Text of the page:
Microsimulation and Analytical Models
Traffic simulation techniques have been used since the early days of the development of traffic theory. The ever-increasing power of personal computers and search for ITS solutions to growing urban transport problems has led to the emergence of a number of microscopic simulation models as practical traffic analysis tools.
There is great potential for useful application of microsimulation models to the analysis of complex traffic problems in urban areas, alongside the analytical techniques that are in use. Microsimulation is useful due to increasing levels of system complexity and uncertainty involved in the operation of urban traffic networks. However, concerns are often expressed regarding misuse of microsimulation. Response to a survey of microsimulation model users was summarised as "microsimulation is useful but dangerous" (Algers et al 2000; Fox 2000). The traffic flow theory textbook by Drew (1968) stated: "Simulation is a powerful tool, and like all powerful tools it can be dangerous in the wrong hands. Pitfalls exist in simulation as in every human attempt to abstract and idealize."
Users of microsimulation models should not assume that a more detailed model will necessarily result in reduced model error. This is because, it is likely that, while model specification error will decrease with increased model detail (complexity), the total measurement error will increase due to the increased model complexity (more variables each associated with a degree of measurement error) as indicated by the above figure (Alonso 1968; Richardson 2001). Thus, there is an optimum degree of model complexity. In fact, using more complex models with bad data will increase the total model error, and the effects of bad data cannot be overcome by using more complex models (Richardson 2001). This consideration applies to all models, simulation or analytical.
Akçelik and Besley (2001) discussed the compatibility between microsimulation methods and established analytical techniques that are used in traffic engineering (paper available for download under the reference list below). They discussed several key components of traffic models:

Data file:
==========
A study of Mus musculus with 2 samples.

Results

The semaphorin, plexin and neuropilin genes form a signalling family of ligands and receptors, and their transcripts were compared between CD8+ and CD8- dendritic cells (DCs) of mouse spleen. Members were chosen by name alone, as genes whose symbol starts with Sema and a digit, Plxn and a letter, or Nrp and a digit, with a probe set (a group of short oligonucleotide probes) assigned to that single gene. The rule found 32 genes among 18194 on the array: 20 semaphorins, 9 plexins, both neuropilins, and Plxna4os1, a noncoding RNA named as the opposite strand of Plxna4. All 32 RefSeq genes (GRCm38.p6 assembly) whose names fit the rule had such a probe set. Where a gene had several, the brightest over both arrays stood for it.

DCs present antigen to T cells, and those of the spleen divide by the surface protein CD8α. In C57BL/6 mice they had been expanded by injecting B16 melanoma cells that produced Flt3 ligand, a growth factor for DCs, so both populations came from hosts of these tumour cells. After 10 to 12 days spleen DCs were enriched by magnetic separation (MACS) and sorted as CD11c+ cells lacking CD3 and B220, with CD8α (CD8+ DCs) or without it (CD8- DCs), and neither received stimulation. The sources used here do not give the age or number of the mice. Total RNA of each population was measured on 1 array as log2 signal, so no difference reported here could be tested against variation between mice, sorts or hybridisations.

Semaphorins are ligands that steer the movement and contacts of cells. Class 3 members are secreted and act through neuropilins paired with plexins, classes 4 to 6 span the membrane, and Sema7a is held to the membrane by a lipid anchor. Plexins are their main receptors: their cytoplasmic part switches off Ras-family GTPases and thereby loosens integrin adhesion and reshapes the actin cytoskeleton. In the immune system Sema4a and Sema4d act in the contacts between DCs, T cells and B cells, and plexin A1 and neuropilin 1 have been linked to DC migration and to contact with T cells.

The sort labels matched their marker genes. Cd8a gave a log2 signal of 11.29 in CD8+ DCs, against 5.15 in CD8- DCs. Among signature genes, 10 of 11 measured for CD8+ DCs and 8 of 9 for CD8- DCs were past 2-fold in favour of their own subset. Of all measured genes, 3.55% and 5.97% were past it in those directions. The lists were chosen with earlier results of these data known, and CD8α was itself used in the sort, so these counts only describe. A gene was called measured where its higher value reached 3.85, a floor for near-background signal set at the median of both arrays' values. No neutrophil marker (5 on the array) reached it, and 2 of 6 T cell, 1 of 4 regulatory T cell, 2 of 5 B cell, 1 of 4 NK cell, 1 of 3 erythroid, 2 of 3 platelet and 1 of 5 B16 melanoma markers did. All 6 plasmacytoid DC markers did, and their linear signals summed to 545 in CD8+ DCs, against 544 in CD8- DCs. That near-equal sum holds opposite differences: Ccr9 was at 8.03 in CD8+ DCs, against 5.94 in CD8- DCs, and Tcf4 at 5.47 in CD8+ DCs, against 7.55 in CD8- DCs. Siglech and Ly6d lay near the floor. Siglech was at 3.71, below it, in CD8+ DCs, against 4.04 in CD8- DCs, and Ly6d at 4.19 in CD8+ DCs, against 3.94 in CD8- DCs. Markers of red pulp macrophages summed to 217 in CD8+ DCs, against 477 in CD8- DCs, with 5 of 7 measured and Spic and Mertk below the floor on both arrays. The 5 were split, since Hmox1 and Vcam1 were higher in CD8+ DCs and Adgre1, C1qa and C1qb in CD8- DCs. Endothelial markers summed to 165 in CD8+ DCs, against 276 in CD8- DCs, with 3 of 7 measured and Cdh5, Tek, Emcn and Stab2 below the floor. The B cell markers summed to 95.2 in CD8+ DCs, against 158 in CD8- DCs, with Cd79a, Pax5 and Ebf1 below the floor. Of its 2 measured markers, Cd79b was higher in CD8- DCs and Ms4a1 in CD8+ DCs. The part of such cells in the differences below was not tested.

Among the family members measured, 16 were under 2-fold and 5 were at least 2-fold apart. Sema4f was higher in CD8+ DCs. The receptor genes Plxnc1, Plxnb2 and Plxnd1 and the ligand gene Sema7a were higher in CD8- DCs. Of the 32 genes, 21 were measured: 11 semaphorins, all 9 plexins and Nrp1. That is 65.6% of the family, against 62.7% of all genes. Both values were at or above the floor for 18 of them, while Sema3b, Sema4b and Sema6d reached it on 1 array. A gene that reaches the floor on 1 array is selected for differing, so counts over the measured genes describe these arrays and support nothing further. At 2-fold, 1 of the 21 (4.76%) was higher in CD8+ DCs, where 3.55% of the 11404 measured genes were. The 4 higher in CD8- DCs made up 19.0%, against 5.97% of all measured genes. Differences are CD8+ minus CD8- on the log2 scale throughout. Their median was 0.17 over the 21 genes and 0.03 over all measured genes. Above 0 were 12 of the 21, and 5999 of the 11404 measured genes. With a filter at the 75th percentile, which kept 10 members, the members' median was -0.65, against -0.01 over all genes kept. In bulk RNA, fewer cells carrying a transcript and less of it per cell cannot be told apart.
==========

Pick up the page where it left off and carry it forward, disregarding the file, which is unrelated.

(i) the use of simulation for capacity analysis;
(ii) modelling of queue discharge (saturation) flow rate, queue discharge speed and other queue discharge parameters at signalised intersections, and relating them to the general queuing, acceleration and car-following models used in microsimulation;
(iii) modelling of gap-acceptance situations at all types of traffic facilities, e.g. permitted or filter turns (right-turn or left-turn) at signalised intersections, minor movements at give-way (yield) or stop signs, traffic entering unsignalised roundabouts, and freeway and other traffic merging situations; and
(iv) estimation of lane flows at intersection approaches, and relating this to lane changing models used in microsimulation.
The consistency of definitions and measurement methods for traffic performance variables such as delay (stopped, geometric, etc) and queue length (cycle average and back of queue) is an important issue. Comparison of specific microsimulation and analytical model components is useful towards model benchmarking for evaluation of new and existing models (Yoshii 1999).
For an introductory discussion and an extensive reference list on simulation models, refer to the Highway Capacity Manual 2000 edition, Chapter 31 (TRB 2000).
Next Generation Simulation Program, NGSIM
The objective of FHWA's Next Generation Simulation (NGSIM) program is to develop a core of open behavioral algorithms in support of traffic simulation with a primary focus on microscopic modeling, including supporting documentation and validation data sets. detailed documentation is available from the FHWA NGSIM web site.
AKÇELIK, R., and BESLEY M. (2001). Microsimulation and analytical methods for modelling urban traffic
Paper presented at the Conference on Advance Modeling Techniques and Quality of Service in Highway Capacity Analysis, Truckee, California, USA. (231KB). Reprint with revisions. Made available: 12 Oct 2001.
ALGERS, S. et al (2000). Review of Micro-Simulation Models. SMARTEST (Simulation Modelling Applied to Road Transport European Scheme Tests) Project Report. Institute of Transport Studies, University of Leeds, UK. SMARTEST web site
ALONSO, W. (1968). The quality of data and choice and design of predictive model. Highway Research Board Special Report 97, pp 178-192.
DREW, D.R. (1968). Traffic Flow Theory and Control. McGraw-Hill, New York.
FHWA (1982). Application of Traffic Simulation Models. Proceedings of a Conference on the Application of Traffic Simulation Models, June 1981. Federal Highway Administration, US Department of Transportation. Techshare Report FHWA-TS-82-207.
RICHARDSON, A.J. (2001). Never mind the data - feel the model
Keynote paper presented at the International Conference on Transport Survey Quality, Kruger National Park, South Africa. (200KB)
TRB (2000). Highway Capacity Manual. Transportation Research Board, National Research Council, Washington, D.C., U.S.A.
YOSHII, T. (1999). Standard Verification Process for Traffic Simulation Model - Verification Manual. Draft Report. Kochi University of Technology, Kochi, Japan.